Focused on preserving traditional Jewish agricultural techniques and furthering the concept of local community, the folks at The Leichtag Foundation incubated Coastal Roots Farm in early January of 2016 after two years of planning and preparation with lots of help from Farmer D, aka Daron Joffe. Located in Encinitas, CA, Coastal Roots is an educational hub offering food, farming and spiritual wisdom for a more sustainable life.

The Leichtag Foundation, a Jewish nonprofit philanthropic organization established in the 1990s bought the 67 acre property that houses Coastal Roots Farm in 2014. Joffe was hired to create the plan and layout of the property. “The idea was for Coastal Roots Farm to be incubated by the Leichtag Foundation but then within five years to be a viable independent community farm that served Encinitas and Glenn County,” says Sona Desai, Associate Director of Coastal Roots.

The actual farm is approximately 20 acres in size. In an attempt to model all the different types of agricultural techniques as well as the diversity of urban farming, Coastal Roots has four scales of vegetable gardening areas to illustrate the different scales of urban farming: hand harvest, small electrical tool use, larger tools (i.e. rototiller) and commercial scale tools (i.e. tractors). The different gardening techniques are utilized throughout the farm which is comprised of mixed gardens, a vineyard, a food forest, orchards, animal pasture, a compost area, barns and greenhouses.

Around half of the food goes to the farm stand that is operated as a ‘pay what you can’ system increasing availability of local fresh food to underserved communities in the area. Some of the food is sold through pop up markets throughout Encinitas or donated to local hunger relief organizations. Coastal Roots also operates a more traditional CSA program. The farm produced 2,000 pounds last month and approximately 65,000 pounds since its inception.

Coastal Roots wants to be more than just another urban farm. Education, on every level, coupled with building a sense of community is integral to the farm’s mission. “We offer hands on learning about farming, gardening, environmental stewardship for people of all ages and backgrounds. We also host gatherings where the community can come together and eat and connect and celebrate together,” says Desai.

Being a religiously based organization may seem like a hindrance when it comes to funding a staff of 12 operating on a $1.3 million budget but as Desai explains, it merely allows the farm to consider alternative revenue sources. “It’s an advantage for us in a lot of ways. There are so many projects and activities across the country seeking the same funds that are available for community farms and farm development projects. But we have a niche. Having that niche with Jewish affiliation, we’re able to attract a different set of donors. It really does work as an advantage,” says Desai.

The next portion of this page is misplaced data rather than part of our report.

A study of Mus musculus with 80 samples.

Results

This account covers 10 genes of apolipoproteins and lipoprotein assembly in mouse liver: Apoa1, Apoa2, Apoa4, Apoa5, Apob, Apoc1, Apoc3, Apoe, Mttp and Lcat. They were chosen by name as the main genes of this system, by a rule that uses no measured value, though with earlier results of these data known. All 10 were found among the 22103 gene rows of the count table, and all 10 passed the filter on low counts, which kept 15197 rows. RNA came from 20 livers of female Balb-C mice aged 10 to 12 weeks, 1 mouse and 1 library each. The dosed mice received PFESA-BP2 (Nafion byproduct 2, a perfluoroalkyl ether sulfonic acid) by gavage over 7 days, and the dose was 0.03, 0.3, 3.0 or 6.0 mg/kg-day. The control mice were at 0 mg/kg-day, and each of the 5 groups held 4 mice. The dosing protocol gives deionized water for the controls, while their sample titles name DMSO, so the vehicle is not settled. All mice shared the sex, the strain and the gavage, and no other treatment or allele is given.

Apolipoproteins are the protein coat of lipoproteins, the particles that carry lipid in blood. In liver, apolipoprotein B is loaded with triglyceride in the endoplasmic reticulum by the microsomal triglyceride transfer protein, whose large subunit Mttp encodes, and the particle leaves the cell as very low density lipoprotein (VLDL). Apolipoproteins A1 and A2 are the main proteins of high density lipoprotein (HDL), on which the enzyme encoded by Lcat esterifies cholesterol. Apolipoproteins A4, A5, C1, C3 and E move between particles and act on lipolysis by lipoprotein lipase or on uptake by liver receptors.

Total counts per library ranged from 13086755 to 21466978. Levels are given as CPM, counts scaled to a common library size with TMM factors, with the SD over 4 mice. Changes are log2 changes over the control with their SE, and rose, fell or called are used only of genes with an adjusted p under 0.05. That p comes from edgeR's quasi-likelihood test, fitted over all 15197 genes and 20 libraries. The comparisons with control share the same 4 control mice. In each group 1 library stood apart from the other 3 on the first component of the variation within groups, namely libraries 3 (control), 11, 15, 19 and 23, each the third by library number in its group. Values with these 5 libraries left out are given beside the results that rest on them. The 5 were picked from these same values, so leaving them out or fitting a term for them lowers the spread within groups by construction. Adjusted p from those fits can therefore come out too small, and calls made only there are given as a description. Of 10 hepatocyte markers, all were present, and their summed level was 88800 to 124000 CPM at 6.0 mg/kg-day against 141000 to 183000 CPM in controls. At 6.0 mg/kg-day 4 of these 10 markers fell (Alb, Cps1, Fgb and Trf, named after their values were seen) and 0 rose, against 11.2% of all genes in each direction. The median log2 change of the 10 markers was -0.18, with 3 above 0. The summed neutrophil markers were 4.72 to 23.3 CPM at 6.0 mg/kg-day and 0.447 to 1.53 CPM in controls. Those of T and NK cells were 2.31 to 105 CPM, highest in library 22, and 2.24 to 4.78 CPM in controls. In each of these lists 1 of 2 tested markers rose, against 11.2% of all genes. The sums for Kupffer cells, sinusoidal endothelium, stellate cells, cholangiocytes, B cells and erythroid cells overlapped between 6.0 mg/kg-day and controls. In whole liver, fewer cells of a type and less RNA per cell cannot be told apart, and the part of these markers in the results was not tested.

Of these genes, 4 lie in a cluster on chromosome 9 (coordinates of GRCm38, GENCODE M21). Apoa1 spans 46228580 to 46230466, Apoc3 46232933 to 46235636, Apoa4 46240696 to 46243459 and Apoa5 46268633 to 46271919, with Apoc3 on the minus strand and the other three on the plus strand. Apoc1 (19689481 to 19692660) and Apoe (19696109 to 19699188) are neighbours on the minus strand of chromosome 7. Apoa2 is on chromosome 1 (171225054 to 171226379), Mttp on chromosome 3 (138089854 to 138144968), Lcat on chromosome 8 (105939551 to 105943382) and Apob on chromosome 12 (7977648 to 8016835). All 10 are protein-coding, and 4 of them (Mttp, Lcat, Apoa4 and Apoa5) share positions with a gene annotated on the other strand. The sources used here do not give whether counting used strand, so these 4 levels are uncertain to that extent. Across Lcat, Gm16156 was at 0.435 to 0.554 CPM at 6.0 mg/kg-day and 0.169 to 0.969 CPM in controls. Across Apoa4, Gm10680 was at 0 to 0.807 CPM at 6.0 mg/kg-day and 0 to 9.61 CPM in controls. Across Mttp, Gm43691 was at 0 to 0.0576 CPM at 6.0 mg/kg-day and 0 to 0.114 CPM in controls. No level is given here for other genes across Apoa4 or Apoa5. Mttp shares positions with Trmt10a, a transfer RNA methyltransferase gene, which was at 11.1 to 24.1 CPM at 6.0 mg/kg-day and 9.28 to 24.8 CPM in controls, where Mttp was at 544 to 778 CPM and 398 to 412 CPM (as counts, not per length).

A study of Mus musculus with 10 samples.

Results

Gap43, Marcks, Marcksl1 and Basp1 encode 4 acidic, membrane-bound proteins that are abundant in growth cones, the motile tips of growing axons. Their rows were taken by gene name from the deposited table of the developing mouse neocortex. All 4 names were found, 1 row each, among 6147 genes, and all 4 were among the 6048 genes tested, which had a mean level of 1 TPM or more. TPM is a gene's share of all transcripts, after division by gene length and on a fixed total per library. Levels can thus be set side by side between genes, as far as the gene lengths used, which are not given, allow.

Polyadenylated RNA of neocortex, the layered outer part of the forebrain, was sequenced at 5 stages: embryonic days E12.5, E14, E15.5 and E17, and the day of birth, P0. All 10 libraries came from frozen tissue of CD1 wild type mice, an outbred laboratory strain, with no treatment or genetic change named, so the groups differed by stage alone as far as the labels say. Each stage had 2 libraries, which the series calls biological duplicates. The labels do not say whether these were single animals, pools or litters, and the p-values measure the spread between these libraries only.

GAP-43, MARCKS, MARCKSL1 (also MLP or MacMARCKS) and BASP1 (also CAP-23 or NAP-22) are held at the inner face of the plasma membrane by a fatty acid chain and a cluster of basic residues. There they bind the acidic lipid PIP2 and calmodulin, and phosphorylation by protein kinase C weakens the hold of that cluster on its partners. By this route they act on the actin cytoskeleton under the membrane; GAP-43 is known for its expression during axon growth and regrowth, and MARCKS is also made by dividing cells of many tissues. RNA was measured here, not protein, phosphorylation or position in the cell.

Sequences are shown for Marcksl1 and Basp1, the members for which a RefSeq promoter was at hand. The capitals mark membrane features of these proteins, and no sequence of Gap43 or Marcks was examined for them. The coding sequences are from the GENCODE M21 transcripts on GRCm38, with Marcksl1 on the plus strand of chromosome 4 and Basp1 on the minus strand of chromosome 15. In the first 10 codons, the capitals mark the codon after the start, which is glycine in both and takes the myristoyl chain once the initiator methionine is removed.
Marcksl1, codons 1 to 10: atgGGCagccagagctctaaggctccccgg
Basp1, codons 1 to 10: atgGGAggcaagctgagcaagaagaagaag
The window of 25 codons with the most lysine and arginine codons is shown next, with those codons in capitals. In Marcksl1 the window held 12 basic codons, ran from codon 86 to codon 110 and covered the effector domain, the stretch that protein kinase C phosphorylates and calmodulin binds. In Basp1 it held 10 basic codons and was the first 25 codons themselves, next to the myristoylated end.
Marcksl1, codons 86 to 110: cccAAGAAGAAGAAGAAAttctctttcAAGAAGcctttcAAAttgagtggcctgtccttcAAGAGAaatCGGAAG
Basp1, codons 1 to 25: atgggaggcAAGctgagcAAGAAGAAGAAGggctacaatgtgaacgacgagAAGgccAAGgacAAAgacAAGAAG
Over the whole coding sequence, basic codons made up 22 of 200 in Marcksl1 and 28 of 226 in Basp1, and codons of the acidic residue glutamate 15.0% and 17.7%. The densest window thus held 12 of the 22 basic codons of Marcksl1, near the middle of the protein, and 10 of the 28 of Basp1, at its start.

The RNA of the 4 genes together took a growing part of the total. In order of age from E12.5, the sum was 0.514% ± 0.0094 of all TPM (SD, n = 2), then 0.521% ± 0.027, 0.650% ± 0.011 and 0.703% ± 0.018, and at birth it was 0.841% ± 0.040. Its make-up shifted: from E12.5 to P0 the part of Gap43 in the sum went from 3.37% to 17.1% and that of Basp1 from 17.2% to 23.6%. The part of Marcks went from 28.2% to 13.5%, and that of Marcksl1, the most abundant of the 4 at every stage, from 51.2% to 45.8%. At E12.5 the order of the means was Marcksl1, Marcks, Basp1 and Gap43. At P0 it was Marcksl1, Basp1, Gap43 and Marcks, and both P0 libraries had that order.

The farm’s own social enterprises, produce distribution and community events and activities will help Coastal Roots graduate from an incubated startup to an independent urban farm and community hub. The hope is also to develop more corporate partnerships and individual donors to slowly reduce reliance on The Leichtag Foundation that currently supplies 75 percent of the farm’s operating budget.

Although Coastal Roots is proud of its Jewish roots and actively shares its Jewish wisdom and belief in self sufficiency, the farm is open to everybody, regardless of their faith. The goal is to serve the local community and to build togetherness and self reliance. Encinitas is home to a diverse population and Coastal Roots works hard to be inclusive and welcoming.

“Our intention is to be a community farm for everybody in Encinitas. We want to engage all types of people,” says Desai. “We do want people to come leave here with some type of awareness of the influence of Jewish heritage on agriculture but we definitely welcome everyone here.” Coastal Roots’ outreach efforts attract not only Jewish organizations and supporters but the self sufficiency population. “We work with vulnerable populations in the area: veterans, immigrants, refugees, at risk youth [and] single parents and that has nothing to do with religious affiliation, “says Desai.

Desai’s main focus right now is turning Coastal Roots’ general business plan into a strategic plan and using it to create a marketing strategy to increase the farm’s exposure, attract revenue sources and ensure as many locals as possible know about the farm and all it has to offer to the local community. Like many urban farms, Desai is highly aware of the integral role good marketing can play in the success of a sustainable startup. “Marketing can be so expensive and it can be really untargeted. So we’re trying to get the most bang for our buck and create a strategy that is targeted for the community members we are trying to reach,” says Desai.

Promoting self sufficiency and a more sustainable lifestyle remain the underlying goals of Coastal Roots as they develop plans to transition to independence. “I think knowing where your food comes from is something that every individual should be able to experience,” says Desai, who sees a lesson in farming as valuable to both those that have and those that do not. “It’s very easy for people to be disconnected from how difficult it can be for other communities to have access to good food. California is a large state and I think people find themselves more disconnected. So the opportunity here for a community farm to play a role in keeping a community fabric strong has tremendous potential here.”